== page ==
It’s a fact of life: As we get older, so do our digestive tracts. Certain digestive disorders are to be expected as we age.
“Many older adults fixate on their gastrointestinal problems,” says gastroenterologist Maged Rizk of the Cleveland Clinic, in an article published by the clinic. “The gastrointestinal tract ages with the rest of us. I tell patients not to get too upset by it.”
Among some of the key factors causing stomach issues in older people are:
- The use of multiple medications, which can cause nausea, constipation, diarrhea, bleeding ulcers and abdominal pain.
- As we get older, we become less active and more likely to become dehydrated, two factors that can exacerbate constipation.
- Our diaphragms sink as we get older, which leads to less support at the hiatal hernia, the place where the esophagus joins the stomach. This lack of support can cause heartburn and acid reflux, and sometimes requires surgery.
- Older adults are more likely to develop hemorrhoids – swollen veins in the lower GI tract – which can be caused by a weakened sphincter muscle, a sedentary lifestyle or chronic constipation.
Diets are also a factor when it comes to stomach issues and aging. As you get older, you might lose interest in making well-balanced meals, or in procuring fresh vegetables and fruit. You might be eating alone, and food may not be as enjoyable as it was when you were younger.
It's not your fault. We start off life with the most taste buds we're ever going to have. They gradually reduce as we get older.
Still, a lack of a balanced diet can lead to vitamin deficiencies, which can result in digestive troubles. Rizk lists these suggestions for improving digestion as we age.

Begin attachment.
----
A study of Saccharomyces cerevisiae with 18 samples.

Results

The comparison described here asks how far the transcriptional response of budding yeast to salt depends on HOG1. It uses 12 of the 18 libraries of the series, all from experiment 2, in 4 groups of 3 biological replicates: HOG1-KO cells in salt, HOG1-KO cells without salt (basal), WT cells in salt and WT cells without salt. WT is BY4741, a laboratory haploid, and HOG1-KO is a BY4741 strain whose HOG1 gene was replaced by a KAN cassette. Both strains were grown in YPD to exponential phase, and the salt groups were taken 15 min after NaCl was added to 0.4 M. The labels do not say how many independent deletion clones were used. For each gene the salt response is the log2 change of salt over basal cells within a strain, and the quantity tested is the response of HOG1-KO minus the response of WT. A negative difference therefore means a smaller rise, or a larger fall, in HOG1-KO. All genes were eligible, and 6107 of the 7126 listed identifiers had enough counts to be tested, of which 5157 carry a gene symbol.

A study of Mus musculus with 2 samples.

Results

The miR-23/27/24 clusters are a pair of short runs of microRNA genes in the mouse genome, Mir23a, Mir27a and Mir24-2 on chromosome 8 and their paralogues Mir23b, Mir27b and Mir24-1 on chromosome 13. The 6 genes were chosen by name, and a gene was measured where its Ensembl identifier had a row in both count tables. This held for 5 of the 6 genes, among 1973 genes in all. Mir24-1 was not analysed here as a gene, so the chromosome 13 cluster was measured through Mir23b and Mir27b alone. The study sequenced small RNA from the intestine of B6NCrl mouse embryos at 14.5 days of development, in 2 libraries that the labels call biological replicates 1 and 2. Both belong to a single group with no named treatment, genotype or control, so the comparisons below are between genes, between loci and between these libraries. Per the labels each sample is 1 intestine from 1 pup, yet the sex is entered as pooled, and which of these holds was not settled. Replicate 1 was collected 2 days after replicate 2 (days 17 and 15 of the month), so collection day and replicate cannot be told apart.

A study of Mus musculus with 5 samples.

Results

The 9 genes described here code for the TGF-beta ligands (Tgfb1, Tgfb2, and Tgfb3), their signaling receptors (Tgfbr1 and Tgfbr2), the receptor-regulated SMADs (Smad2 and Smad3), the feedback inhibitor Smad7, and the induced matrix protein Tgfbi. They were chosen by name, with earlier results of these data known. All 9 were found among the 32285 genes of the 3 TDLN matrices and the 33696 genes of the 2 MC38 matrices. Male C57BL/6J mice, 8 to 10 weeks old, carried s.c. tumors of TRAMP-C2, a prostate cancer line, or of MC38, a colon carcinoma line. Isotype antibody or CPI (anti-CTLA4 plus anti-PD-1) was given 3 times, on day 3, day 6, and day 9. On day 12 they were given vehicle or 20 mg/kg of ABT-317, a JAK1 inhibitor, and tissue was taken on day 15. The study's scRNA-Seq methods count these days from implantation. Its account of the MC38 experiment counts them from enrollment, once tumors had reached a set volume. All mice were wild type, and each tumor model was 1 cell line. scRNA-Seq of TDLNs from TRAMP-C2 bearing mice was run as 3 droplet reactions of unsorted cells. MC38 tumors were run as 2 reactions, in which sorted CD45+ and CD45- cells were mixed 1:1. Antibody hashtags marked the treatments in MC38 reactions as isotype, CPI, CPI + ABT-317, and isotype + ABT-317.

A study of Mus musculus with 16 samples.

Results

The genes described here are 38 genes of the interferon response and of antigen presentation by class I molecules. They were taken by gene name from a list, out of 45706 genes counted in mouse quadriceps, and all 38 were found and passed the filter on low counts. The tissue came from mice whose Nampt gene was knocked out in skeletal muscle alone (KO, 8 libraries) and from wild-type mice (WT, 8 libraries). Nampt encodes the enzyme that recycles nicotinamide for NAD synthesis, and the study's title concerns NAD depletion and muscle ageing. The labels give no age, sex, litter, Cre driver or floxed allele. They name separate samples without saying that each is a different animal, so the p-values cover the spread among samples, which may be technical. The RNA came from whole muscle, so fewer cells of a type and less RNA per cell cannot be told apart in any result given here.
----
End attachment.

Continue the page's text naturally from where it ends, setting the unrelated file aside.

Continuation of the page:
- Stick to a healthy diet
- Get the right amount of fiber in your meals by including whole grains, fruits and raw veggies
- Reduce the amount of salt in your diet
- Stay away from "white" foods like bread, potatoes and rice.
- Stay hydrated. Drink water and other non-alcohol, non-caffeinated beverages during the day so your urine is nearly clear.
- Avoid foods that cause heartburn or acid reflux. You may need an elimination diet to uncover which foods cause you trouble.
- Try taking a probiotic, which contain "good" bacteria that can help people with chronic constipation. Rizk says not to take them for diarrhea, unless after specific types of infection.
- Review your medications, which are often a link between stomach issues and aging. Talk to your doctor about side effects, and ask for an alternative if the medication you take causes problems like nausea, diarrhea and constipation.
- Stay active. Exercise has several benefits, one of which is preventing constipation.
Sticking to these tips will help you deal with the issues that come from stomach issues and aging. And if you're looking for ways to handle more persistent GI ailments, turn to Proper Nutrition.
Our dietary supplements are made with bioactive peptides that have been shown to ease the symptoms of people with issues like IBS and Crohn's disease. Visit our website to find a product that will work for you. Best of luck!